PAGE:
So somebody wrote a press release yesterday about Google Earth Magnetic Cows, but it sounded so silly that I decided to go for celebratory end-of-panorama-trip cocktails instead of dirtying my blog with it. Imagine my surprise to see it hit the interwebs with a vengeance today, but the greatest surprise of all was that only one blog so far, The Earth is Square, has reported this “news” skeptically. [I just noticed Google Earth Blog is also skeptical:-)]
The bottom line: It’s entirely possible that cows have a magnetic sense, but we’re not going to find out about it by looking at Google Earth. What possible fallacies might there be? I came up with these in, oh, a few seconds:
- What cow? Have you ever seen a cow on Google Earth? Are you sure? Most of Google Earth’s imagery is not in high enough resolution to let you discern cow from car from tent from bear. And you certainly can’t tell which end is up, so to speak. In any case, your sample population of successfully found cows is bound to be miniscule compared to the total population.
- Now cow? The imagery in Google Earth is exclusively taken on cloudless days — or we wouldn’t have had the imagery. Are we sure the cows weren’t using the sun to align themselves, say to maximize solar exposure in winter and minimize it in summer? As the best satellite photos are taken when shadows are at a minimum, i.e. noon, that alone would lead to aligned cows.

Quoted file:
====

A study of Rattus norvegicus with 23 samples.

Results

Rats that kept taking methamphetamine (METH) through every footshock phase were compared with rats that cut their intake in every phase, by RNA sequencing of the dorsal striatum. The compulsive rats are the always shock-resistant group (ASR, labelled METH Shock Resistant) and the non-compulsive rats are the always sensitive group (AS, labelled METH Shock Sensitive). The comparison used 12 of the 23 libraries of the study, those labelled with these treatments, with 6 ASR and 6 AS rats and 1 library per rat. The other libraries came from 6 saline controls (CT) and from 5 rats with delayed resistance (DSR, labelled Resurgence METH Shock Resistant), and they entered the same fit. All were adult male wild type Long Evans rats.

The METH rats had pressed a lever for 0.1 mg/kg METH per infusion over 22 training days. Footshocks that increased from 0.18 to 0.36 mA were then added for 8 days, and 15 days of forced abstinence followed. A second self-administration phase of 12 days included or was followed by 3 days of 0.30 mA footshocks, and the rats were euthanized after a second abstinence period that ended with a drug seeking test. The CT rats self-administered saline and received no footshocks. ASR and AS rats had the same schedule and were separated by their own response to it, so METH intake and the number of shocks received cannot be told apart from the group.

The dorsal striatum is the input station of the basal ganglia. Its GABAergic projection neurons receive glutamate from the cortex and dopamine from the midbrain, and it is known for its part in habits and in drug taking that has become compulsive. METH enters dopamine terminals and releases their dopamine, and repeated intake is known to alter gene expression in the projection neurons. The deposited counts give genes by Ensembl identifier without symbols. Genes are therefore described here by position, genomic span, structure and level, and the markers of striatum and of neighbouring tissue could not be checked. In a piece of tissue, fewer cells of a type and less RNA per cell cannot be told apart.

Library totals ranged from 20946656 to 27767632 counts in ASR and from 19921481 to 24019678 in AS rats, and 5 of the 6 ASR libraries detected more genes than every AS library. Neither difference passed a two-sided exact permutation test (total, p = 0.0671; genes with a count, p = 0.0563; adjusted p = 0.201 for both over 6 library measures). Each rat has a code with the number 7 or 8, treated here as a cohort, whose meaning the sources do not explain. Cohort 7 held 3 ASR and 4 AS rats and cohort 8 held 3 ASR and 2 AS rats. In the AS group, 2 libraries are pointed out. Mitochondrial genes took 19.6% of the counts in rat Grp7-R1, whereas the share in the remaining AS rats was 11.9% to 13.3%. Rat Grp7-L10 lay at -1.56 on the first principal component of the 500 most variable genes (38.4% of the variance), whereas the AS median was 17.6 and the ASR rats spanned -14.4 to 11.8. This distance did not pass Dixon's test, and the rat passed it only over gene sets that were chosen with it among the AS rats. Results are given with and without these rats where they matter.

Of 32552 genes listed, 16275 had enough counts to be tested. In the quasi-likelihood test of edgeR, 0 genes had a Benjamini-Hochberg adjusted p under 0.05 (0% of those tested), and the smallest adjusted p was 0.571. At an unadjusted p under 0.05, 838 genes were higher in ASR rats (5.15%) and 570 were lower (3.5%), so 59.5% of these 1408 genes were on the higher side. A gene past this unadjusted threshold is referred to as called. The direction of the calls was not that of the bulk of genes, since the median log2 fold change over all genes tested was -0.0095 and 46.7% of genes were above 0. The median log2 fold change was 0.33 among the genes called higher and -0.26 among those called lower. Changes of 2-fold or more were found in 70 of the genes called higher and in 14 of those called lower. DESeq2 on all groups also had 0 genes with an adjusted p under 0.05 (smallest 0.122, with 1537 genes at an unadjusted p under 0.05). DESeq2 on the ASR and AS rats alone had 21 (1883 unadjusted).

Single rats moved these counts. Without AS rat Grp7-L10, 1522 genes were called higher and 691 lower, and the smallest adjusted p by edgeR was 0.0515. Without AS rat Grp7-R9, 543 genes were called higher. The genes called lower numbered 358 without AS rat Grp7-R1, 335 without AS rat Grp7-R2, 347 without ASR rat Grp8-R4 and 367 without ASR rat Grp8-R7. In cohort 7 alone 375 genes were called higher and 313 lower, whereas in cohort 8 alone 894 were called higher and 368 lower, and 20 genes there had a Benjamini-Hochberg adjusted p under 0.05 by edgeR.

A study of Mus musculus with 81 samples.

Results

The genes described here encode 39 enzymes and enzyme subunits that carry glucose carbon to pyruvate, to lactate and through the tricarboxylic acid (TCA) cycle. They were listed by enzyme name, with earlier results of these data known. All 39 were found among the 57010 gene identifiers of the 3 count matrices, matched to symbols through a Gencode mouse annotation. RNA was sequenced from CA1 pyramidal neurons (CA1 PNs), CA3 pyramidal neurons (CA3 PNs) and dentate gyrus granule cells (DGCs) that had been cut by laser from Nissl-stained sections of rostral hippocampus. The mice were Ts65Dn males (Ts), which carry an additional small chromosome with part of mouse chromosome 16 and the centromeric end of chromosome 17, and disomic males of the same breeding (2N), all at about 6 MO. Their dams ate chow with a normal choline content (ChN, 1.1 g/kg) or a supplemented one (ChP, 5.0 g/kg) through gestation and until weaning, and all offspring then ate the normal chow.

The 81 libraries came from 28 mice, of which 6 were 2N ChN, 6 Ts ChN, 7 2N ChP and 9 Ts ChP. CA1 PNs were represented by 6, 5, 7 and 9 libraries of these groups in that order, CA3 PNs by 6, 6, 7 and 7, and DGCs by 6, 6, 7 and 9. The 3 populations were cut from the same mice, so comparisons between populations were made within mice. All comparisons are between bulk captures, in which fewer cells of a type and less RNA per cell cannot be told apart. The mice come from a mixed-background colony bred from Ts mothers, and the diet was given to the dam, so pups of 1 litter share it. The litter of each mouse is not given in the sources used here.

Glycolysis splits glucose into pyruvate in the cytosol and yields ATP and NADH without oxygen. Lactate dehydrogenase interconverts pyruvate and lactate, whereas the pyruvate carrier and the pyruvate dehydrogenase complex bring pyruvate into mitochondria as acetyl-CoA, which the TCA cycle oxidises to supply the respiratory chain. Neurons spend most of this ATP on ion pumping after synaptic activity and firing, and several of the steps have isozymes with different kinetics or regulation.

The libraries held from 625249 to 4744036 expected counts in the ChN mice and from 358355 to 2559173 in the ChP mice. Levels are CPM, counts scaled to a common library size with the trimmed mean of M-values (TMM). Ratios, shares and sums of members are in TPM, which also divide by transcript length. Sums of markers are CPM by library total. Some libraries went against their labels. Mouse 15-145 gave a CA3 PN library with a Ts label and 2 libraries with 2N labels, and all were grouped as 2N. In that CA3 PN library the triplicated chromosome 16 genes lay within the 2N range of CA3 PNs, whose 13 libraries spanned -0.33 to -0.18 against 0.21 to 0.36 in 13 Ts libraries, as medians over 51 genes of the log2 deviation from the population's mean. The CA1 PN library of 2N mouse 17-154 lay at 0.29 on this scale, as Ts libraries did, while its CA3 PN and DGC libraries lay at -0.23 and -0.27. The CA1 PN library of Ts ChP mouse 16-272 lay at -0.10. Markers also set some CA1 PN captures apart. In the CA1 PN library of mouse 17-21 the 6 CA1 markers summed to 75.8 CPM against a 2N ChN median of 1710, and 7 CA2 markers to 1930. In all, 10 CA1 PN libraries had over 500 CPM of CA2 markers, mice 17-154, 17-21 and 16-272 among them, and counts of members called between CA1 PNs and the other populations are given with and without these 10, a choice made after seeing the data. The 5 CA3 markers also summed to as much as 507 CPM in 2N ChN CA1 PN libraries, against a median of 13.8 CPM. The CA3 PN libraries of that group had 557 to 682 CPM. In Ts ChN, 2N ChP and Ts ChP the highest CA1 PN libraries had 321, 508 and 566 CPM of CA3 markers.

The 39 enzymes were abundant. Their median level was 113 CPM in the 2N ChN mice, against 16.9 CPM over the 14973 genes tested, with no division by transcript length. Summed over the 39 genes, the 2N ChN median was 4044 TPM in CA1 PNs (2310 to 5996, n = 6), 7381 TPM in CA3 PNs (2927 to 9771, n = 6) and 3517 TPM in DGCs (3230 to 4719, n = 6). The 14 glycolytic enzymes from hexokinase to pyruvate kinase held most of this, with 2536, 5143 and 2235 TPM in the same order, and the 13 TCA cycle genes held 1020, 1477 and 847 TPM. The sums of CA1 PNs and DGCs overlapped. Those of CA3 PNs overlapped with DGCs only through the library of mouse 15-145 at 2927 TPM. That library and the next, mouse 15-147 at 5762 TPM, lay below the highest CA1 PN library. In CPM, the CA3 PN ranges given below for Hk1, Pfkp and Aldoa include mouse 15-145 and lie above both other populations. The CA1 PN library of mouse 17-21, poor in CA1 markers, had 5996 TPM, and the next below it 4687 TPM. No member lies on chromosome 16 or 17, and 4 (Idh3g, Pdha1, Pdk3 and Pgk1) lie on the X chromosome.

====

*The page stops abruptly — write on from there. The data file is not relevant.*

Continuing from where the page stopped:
- Stupid cow: Cows are walking stomachs. If they hit a fence while grazing, they will move along it. At most, this study tells us that fences have a slight preponderance to point North-South — and fences are even harder to see on Google Earth than cows.
So what happened? Either this story is an elaborate hoax, or it isn’t and these scientists are just not very good, or the story has been reported inaccurately. It’s a cow toss as to which of these explanations is the right one, but I suspect hoax, in part because of the study’s claim that it could discern a predispostition in cows for magnetic north over true north — a difference that is miniscule in most places on Earth. It doesn’t help that you have to pay the US National Academy of Sciences $10 to read the paper — that’s the price of a cocktail here in Stockholm, one which I’m about to go buy.